At last year’s trade deadline, the Yankees reportedly intently pursued Blue Jays reliever Ken Giles. In fact, they nearly pulled off the trade, and three unnamed prospects came close to getting sent to Toronto in exchange for the hard-throwing reliever. Ultimately, Giles stayed put, with his elbow troubles possibly scaring off suitors.
The Yankees ended up making no significant moves at the deadline, of course. That they were so interested in further relief help, however, indicates that the team is simply never satisfied when it comes to their super bullpen. No matter how many relief aces are on hand, Brian Cashman always seems game to try to lock down one more.
Which brings us to this offseason. Giles seemed to remain a prime trade candidate this winter, entering his final year of arbitration with an also-ran Toronto team. MLB Trade Rumors recently ranked him as their number-two trade candidate in the league. So far, there’s been little buzz around Giles, but should the Yankee re-visit the player they almost reeled in just a few months ago?
If the Yankees want to make another upgrade this offseason, the bullpen is likely where it would have to be. Depth starting pitching options are all that appear on the free agent market. They could look at position players, but unless they suddenly splurge for Josh Donaldson or Marcell Ozuna, the team can only reel in a potential fifth outfielder or utility infielder. The best remaining way to improve the roster in January is to shift projected innings from Jonathan Loaisiga, Stephen Tarpley, and Ben Heller to a more proven player.
Yet with Dellin Betances having skipped across town, and with the underrated Will Harris having just come off the board, the free agent relief market is bereft of impact players. The only way to the move the needle now is through trade.
Giles profiles as a strong target. He’s 29-years-old and coming off the finest season of his career, one in which he totaled 53 innings with a 208 ERA+, striking out more than 14 batters per nine and walking fewer than three. He ranked sixth among qualified relievers in adjusted ERA, better than any Yankee reliever, and ranked fifth in adjusted FIP.
His red flags pertain to injuries and consistency. Giles battled elbow inflammation at times in 2019, and while he pitched well down the stretch, there was enough concern about his elbow at the deadline to keep teams wary. Perhaps more importantly, Giles’ performance has vacillated wildly in recent years. Last season, along with 2015 and 2017, Giles was among the very best relievers in baseball. In 2016 and 2018, he posted below-average ERA figures and rated below replacement level by Baseball Reference.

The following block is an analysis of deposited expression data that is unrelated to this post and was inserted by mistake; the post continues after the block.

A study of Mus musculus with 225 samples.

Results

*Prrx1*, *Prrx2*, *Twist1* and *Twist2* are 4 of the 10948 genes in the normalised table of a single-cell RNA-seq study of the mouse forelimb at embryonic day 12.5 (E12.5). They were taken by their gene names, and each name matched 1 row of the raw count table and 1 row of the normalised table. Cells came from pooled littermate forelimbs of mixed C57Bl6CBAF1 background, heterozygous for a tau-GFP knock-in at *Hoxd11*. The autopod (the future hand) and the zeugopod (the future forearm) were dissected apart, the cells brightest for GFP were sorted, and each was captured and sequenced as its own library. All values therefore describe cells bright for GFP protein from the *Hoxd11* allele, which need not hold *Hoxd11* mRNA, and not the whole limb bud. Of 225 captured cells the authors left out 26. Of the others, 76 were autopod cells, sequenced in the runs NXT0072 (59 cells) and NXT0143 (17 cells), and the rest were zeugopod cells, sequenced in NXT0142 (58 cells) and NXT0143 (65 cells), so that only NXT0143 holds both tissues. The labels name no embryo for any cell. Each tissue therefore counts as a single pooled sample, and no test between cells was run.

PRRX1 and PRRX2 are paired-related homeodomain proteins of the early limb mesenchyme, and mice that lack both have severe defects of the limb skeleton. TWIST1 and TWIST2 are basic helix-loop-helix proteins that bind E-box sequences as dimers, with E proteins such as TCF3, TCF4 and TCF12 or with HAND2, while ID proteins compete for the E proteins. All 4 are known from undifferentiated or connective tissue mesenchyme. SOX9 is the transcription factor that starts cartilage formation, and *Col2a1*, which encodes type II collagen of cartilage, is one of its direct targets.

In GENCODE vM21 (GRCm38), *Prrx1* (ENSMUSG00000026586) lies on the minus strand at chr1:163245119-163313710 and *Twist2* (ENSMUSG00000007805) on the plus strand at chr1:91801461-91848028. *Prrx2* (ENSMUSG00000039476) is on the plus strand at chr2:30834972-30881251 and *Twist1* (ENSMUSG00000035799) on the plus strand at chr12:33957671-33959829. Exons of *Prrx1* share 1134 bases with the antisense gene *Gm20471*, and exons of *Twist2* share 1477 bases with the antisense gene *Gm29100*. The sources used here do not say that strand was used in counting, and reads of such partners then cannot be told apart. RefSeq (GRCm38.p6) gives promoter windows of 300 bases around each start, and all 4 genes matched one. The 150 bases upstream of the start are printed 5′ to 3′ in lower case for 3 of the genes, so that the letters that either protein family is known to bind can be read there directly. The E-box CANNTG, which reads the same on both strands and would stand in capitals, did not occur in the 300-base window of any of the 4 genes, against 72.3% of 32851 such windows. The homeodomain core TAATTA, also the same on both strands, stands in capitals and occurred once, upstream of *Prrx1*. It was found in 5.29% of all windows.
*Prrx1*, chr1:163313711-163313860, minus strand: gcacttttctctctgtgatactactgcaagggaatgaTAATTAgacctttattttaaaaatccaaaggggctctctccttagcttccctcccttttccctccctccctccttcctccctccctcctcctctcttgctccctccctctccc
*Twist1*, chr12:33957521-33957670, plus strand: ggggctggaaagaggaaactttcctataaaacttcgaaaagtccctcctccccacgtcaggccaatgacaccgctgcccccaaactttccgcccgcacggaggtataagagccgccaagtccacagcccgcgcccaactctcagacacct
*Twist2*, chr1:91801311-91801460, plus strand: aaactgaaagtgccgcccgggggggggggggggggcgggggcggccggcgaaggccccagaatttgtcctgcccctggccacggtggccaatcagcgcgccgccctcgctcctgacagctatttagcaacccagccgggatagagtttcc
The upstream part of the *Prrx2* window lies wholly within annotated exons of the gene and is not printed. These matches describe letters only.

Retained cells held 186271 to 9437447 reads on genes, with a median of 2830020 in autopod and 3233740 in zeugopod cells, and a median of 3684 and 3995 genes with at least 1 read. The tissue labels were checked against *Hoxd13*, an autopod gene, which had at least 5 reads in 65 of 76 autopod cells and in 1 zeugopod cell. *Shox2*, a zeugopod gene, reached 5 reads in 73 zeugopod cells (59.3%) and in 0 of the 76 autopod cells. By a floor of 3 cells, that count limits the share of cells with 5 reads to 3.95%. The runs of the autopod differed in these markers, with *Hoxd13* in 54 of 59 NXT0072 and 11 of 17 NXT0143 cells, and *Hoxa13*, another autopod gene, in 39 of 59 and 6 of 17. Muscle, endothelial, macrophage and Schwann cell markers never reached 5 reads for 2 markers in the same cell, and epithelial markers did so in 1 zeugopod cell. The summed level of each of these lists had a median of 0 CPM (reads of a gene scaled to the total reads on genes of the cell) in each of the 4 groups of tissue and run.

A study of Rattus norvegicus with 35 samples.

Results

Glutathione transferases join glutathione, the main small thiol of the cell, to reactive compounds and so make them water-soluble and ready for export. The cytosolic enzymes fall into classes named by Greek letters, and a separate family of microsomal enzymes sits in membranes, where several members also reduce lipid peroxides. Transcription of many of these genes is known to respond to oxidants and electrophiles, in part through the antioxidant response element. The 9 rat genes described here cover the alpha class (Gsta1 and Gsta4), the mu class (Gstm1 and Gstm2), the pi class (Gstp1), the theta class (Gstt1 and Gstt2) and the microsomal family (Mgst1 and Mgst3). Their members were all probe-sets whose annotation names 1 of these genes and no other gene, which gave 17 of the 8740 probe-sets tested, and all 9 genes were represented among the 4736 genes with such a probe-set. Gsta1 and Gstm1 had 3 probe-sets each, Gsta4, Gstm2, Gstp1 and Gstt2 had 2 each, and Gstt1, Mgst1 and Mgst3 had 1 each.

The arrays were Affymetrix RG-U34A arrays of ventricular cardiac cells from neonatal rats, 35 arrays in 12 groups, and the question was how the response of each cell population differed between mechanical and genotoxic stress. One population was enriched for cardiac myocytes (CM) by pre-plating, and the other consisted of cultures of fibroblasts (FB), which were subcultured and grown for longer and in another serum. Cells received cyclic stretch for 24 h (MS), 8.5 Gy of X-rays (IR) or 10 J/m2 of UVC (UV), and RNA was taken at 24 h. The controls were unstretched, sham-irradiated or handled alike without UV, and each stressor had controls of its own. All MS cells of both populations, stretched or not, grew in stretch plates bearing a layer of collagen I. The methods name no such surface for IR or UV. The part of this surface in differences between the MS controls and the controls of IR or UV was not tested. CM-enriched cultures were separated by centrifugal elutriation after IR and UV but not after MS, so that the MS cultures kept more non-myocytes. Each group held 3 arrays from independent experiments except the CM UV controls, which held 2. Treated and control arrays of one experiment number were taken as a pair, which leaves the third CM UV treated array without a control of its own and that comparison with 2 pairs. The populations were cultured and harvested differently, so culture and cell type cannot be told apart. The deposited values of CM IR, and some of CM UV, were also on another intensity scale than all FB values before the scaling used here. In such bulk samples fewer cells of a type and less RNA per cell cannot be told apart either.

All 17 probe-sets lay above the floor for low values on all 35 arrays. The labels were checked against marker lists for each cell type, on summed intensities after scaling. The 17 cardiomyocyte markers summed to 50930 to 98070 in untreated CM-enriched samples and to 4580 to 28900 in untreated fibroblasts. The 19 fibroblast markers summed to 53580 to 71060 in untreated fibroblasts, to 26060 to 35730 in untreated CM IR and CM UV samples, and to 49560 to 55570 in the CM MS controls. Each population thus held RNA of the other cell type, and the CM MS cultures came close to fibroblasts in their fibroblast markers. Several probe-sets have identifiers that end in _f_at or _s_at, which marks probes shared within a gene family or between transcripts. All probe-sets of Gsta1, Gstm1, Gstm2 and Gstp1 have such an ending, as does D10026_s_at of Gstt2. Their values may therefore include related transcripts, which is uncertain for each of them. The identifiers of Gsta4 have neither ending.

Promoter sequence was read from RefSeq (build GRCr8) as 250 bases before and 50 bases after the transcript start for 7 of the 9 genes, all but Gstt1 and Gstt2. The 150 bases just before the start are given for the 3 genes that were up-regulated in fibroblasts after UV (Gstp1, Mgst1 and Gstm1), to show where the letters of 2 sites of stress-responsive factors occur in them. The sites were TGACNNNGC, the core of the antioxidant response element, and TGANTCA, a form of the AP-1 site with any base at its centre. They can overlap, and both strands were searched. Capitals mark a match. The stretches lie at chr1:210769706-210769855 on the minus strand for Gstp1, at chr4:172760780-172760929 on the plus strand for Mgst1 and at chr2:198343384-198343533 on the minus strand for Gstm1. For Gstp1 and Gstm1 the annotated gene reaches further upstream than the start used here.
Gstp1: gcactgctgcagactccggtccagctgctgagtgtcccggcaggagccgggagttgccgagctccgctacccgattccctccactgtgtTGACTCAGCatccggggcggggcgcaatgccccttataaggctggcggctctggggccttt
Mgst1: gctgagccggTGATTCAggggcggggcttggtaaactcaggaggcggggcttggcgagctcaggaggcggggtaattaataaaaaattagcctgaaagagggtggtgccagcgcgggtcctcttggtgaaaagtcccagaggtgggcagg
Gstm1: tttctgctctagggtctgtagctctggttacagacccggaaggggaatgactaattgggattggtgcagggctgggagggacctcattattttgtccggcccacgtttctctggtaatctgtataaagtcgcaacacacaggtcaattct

While it is concerning to see Giles swing so violently from one extreme to another, it’s worth nothing that his underlying skills don’t seem to have changed all that much from year to year. During his disastrous 2018, Giles’ fastball velocity still ranked in the 97th percentile, and his spin rate in the 81st. He walked just 3.3 percent of the batters he faced and still generated a ton of whiffs. In his poor 2016, he struck out over 35 percent of hitters and maintained an average fastball velocity of 98 mph.
Moreover, Giles generated wOBA figures of .306 and .310 in 2016 and 2018, respectively, both below league average, suggesting he had some poor fortune in terms of sequencing and run prevention. On top of even that, his wOBA marks in those years are higher than his expected wOBA marks calculated by Statcast, meaning he may have been unlucky in terms of batted balls as well. This isn’t to say Giles was necessarily great in those years, but the evidence suggests that he was merely a little less good and a little unlucky during his down years, as opposed to the complete collapse his ERA numbers would indicate.
If we accept that Giles has been elite in his best years, and an erratic but still effective reliever in his down years, then we have on our hands one of the most attractive relief targets in the game. To wit, since 2015, Giles ranks sixth in fWAR, just behind Betances and ahead of the likes of Edwin Diaz, and Craig Kimbrel, despite having a fraction of the pedigree.
Giles will be a free agent after 2020 and projects to earn about $8 million next season. With the Blue Jays mired in the AL’s lower tiers, and with the way head executive Mark Shapiro appears to fetishize financial flexibility, it’s possible Toronto would be somewhat eager to unload Giles. Even at worst, given his proximity to free agency, it’s hard to imagine Giles fetching more than one good prospect, plus a lottery ticket or two.
The Yankees could easily stand pat from here, roll with their excellent 26-man roster, and accept that Luis Cessa, Jordan Montgomery, and Tarpely will have to eat plenty of innings. If they decide they want more, there are few better places to get it at this point than Giles. My guess is they hold the line through Opening Day, but the Yankees would do well to at least inquire on Giles.